Arkansas approves strictest abortion ban in US
The Arkansas legislature has passed the strictest anti-abortion law in the US, defying the governor's warning it would draw the state into a court battle.
The bill, one of several anti-abortion measures enacted since Republicans won control of the state legislature in November, bans most abortions after the 12th week of pregnancy.
The legislature on Wednesday overrode Democratic Governor Mike Beebe's veto.
Abortion rights supporters plan to sue to stop the law from taking effect.
The law, called the Human Heartbeat Protection Act, bans abortions after 12 weeks, when a foetal heartbeat can generally be detected in an ultrasound scan.
The bill will take effect over the summer unless halted by a court.
"I'm just grateful that this body has continued to stand up for the bills that have passed. The eyes of the entire nation were on the Arkansas House of Representatives today," said sponsor Senator Jason Rapert after the state House overrode Gov Beebe's veto with a 56-33 vote.
The bill would not prosecute women who terminate a pregnancy, but doctors who perform the procedure could have their medical licences revoked.
The move comes days after the state legislature voted to override another veto by the governor, this time to push through an immediate ban on abortions after 20 weeks of pregnancy.
The American Civil Liberties Union (ACLU) of Arkansas and the Center for Reproductive Rights are preparing to file a federal lawsuit challenging the 12-week ban.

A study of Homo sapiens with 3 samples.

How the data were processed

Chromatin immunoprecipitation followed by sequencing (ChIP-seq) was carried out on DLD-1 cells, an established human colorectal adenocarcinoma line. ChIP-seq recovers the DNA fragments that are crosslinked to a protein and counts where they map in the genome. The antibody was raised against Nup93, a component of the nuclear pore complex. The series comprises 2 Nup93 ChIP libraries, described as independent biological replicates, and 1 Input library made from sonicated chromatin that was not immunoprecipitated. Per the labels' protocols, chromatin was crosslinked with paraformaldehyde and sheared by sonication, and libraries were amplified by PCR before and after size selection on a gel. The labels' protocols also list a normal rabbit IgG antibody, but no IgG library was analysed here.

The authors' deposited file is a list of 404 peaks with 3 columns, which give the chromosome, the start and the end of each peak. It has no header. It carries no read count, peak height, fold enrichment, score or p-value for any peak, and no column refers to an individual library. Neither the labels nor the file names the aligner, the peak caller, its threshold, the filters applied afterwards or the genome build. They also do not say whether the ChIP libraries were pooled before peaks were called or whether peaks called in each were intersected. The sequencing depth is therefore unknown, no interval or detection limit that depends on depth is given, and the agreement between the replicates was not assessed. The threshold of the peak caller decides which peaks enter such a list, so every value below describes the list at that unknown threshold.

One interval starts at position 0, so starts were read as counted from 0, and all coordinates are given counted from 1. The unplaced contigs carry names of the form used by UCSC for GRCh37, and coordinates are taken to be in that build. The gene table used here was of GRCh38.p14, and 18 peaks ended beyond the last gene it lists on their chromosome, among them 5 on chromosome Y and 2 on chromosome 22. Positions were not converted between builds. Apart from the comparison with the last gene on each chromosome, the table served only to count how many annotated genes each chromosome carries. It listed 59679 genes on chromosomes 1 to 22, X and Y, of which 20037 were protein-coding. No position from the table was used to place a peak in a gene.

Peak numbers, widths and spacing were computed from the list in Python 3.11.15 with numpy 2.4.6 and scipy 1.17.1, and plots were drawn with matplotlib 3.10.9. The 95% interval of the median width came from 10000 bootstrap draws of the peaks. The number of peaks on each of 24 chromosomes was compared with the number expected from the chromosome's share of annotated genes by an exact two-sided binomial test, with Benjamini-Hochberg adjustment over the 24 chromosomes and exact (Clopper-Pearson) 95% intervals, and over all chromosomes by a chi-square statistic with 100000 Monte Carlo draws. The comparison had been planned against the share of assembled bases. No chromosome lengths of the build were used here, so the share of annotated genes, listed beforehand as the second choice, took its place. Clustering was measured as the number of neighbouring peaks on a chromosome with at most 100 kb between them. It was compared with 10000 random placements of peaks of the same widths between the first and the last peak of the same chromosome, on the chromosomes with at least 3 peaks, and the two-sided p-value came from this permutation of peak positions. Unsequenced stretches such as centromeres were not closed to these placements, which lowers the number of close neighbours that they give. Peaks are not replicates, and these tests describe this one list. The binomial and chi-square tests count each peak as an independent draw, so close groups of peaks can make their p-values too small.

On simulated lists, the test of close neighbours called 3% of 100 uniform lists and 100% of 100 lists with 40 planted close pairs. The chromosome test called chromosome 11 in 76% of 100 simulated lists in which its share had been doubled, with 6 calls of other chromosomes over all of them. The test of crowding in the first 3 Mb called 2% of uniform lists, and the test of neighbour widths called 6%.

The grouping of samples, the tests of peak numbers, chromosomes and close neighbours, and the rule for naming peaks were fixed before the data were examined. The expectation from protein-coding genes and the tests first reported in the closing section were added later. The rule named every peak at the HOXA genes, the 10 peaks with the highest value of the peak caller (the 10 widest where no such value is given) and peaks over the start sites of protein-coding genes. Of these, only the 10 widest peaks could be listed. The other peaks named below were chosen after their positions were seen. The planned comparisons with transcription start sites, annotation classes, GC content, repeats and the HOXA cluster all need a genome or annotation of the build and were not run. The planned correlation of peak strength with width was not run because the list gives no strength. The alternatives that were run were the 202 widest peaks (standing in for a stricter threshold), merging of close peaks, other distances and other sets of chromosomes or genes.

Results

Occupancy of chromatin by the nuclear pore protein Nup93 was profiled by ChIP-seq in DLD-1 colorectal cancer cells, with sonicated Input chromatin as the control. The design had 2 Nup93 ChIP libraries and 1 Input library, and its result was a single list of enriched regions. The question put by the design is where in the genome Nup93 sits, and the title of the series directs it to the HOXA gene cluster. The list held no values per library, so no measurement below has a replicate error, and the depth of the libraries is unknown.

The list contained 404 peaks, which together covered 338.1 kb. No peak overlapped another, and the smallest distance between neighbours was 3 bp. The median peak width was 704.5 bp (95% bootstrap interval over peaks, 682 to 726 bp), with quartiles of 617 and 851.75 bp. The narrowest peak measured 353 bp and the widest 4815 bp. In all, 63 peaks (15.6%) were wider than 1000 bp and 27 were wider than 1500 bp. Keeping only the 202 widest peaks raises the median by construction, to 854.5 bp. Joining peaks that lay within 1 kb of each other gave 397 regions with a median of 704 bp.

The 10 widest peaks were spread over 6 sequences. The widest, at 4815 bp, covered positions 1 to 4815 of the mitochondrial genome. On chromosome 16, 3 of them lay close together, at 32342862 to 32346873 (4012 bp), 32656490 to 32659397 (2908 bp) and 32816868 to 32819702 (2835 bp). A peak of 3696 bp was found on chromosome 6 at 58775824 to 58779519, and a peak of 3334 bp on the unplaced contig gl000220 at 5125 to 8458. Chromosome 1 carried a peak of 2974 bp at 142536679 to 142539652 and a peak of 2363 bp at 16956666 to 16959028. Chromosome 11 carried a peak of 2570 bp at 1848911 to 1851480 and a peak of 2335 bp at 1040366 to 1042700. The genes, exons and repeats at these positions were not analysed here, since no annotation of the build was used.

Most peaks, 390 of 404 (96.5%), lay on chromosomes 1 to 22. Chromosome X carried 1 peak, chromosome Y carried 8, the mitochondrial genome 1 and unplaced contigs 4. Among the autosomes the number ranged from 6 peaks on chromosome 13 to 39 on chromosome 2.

"The whole thing has not only been a slap in the face of Arkansas women but a serious bruising for the state of Arkansas and any efforts it has tried to make to present itself as a progressive, forward-thinking state where people might want to live and work," ACLU of Arkansas Executive Director Rita Sklar told the Arkansas Times.
"It's a giant leap back in time."
Gov Beebe called the law "blatantly unconstitutional" and warned the legislature that a legal battle could be expensive, after he vetoed the measure on Monday.
The governor said the bill contradicted the landmark 1973 Supreme Court opinion in the case of Roe v Wade, which ruled abortion was legal until the foetus could survive outside the womb.
Scientists generally agree a foetus becomes viable at about 22 to 24 weeks.
Both the 12-week and 20-week laws include exemptions for rape, incest, and cases when the mother's life is in danger or the foetus is diagnosed with an extremely serious disorder.